Jill Haley: I’m accepted — now what? | TheUnion.com

Jill Haley: I’m accepted — now what?

Jill Haley
Columnist

Photo for The Union John Hart

High school seniors have received their acceptances and rejections from colleges for next year.

Some also ended up on the dreaded wait list, putting them in a state of limbo. While there were many happy students, there were also disappointments.

Record-breaking applications were submitted again this year. Admission's acceptances at some of the most highly ranked colleges reached an all time low.

Stanford University in Palo Alto reported a 4.67 acceptance rate, the lowest in history.

This ridiculous rate even sparked a satirical column in the NY Times, which reported the Stanford had decided to accept no students in the upcoming year. So preposterous is selectivity these days, a lot of people thought it was true.

Getting a rejection notice from your top school can be devastating. But there is more than one college that will be a good fit.


This is also a good time to remind students, and parents, that where you get accepted to college has no reflection on who you are, or how hard you worked. And in most cases, where you attend college has no correlation to success in later life. It is what you make happen during college that matters.

Where to attend, once accepted, is a big decision and one that needs careful consideration of a student's priorities. Those priorities can be academic, social, size, extra curricular activities and financial considerations.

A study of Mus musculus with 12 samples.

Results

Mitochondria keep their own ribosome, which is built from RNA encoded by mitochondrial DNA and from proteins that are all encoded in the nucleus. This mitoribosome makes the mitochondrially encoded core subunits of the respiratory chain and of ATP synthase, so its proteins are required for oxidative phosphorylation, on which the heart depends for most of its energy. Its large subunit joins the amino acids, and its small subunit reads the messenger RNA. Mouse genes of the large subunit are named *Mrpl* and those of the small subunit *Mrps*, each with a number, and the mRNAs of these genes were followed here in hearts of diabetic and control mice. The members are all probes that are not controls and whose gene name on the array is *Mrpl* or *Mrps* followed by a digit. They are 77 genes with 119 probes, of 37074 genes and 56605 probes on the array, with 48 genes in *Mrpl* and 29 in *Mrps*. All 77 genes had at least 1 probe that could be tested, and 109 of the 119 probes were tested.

It is important, when talking with students about where they are attending college next year, to know that there are many factors in their decision. Being supportive is important, because their choice could depend on finances or other personal reasons, and not how highly ranked or selective the college is.

Financial considerations can have a large impact on a student's future, especially if they are taking out loans. It is an important conversation that families need to have about how much debt the student is willing to go into to be able to attend college.

It is wise to look at the graduation rates at each school. If it takes a student five or six years to graduate, the cost of that school rises greatly.

Social factors should play a role in the decision. Will the student have support at the college? A friend or relative nearby to be provide a helping hand if needed?

Once accepted, students must notify the college by May 1 that they will be attending.

There may be earlier dates for financial aid and housing, necessitating that students and parents pay careful attention to all deadlines.

Jill Haley is a retired high school counselor, who now works as an independent college counselor. She can be reached at http://www.getyouintocollege.com or jillncca@gmail.com.